When determining how well you slept last night, it is tempting to go by the number of hours. However, quantity is just a small part of the formula. It is important to note that one’s 8-hour sleep is divided into multiple stages of sleep, not all of which are restorative. To ensure that your body undergoes “good” sleep, it is important to remain asleep long enough in the restorative part of the sleep stage. Additionally, having undisrupted sleep allows your body to transition between one sleep stage and the next, allowing you overall longevity and good health vitals in the long run. 

There are 4 commonly known sleep cycles explored below:


The first stage of the Non-Rapid Eye Movement cycle is when a person has just fallen off to sleep. This can be described as light sleep, right after we slowly drift off. This stage typically lasts up to 7 minutes. As time ticks, one’s brain and body activities start to slow down. As you progress through another sleep cycle, you may not experience NREM Stage 1 during the night again. 


Fun fact – over 50% of our sleep hours is spent in this stage. This is when our brain activities have slowed down, just as we develop more relaxed muscles, drop in temperature, slower breathing, and calm state. The first N2 stage lasts up to 25 minutes but can be higher as it transitions through multiple cycles the whole night.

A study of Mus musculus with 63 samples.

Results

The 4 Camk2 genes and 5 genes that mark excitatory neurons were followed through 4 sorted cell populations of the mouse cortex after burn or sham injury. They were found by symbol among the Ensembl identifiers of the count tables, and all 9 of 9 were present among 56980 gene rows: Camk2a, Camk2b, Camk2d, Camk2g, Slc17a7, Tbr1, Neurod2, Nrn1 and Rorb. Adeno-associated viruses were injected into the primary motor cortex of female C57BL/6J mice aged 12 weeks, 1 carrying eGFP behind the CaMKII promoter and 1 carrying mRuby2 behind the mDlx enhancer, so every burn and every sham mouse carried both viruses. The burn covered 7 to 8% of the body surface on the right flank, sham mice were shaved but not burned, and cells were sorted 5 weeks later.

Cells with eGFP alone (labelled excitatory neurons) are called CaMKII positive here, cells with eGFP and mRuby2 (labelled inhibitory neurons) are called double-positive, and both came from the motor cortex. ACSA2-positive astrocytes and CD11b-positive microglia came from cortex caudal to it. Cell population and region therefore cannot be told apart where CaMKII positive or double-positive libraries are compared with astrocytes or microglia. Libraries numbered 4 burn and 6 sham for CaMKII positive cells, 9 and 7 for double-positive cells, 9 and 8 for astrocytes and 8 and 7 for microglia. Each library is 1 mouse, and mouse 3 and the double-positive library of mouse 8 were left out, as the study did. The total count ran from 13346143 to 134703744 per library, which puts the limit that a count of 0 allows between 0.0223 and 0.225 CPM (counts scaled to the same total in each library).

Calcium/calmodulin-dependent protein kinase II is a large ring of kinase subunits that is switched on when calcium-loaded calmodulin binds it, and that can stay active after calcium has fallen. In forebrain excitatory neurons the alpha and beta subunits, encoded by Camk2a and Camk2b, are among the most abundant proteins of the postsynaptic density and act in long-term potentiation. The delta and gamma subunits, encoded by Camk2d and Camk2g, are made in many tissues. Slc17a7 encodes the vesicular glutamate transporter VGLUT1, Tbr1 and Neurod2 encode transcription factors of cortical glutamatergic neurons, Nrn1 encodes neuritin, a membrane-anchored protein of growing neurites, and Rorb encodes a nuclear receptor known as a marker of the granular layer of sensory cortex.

The restorative sleep cycle mentioned at the beginning of this article, is this stage right here. In other words, this stage is called “deep sleep”. This phase is crucial for our wellbeing, as this sleep cycle helps our body fight off toxins, repairs impairments, rebalances our vitals, and so on. A person is harder to wake up in this stage, seeing that the body and brain have reached a completely relaxed state. Ever seen someone wake up in an extremely groggy mood? You’ve probably robbed them of some N3 sleep! Each stage lasts around 2-40 minutes in the first few hours of your sleep, but continues to decrease as the night passes. 


During this stage, brain activity paces upwards, almost as fast-paced as our awake state. Our muscles experience temporary paralysis, except for two body functions; eyes that move (despite being closed) and muscles that control breathing. 25% of our sleep time is spent during REM sleep, in which vivid dreams can occur. 

Each and every sleep stage is vital to our health – so there is no such thing as the “best sleep cycle”. The seamless transition in between one cycle and another helps our bodies recuperate and function optimally. The sleep disruptors we are exposed to at night (loud noises, bright light, newborns, or unforeseen circumstances), the better our sleep stages transition, leading to good sleep quality.

While it is hard to take control of our sleep cycles (oh, how nice it’d be to simply switch on and off!), we can, however, maintain good sleep hygiene. This means controlling the environmental factors that affect our sleep such as temperature, brightness, sleep tools (pillows, comforters, the works), and overall comfort. More about secrets to sound sleep HERE.

If you find yourself constantly lacking good sleep capacity, book yourself a consultation with a sleep specialist. Do not deprive your body from the sleep you deserve.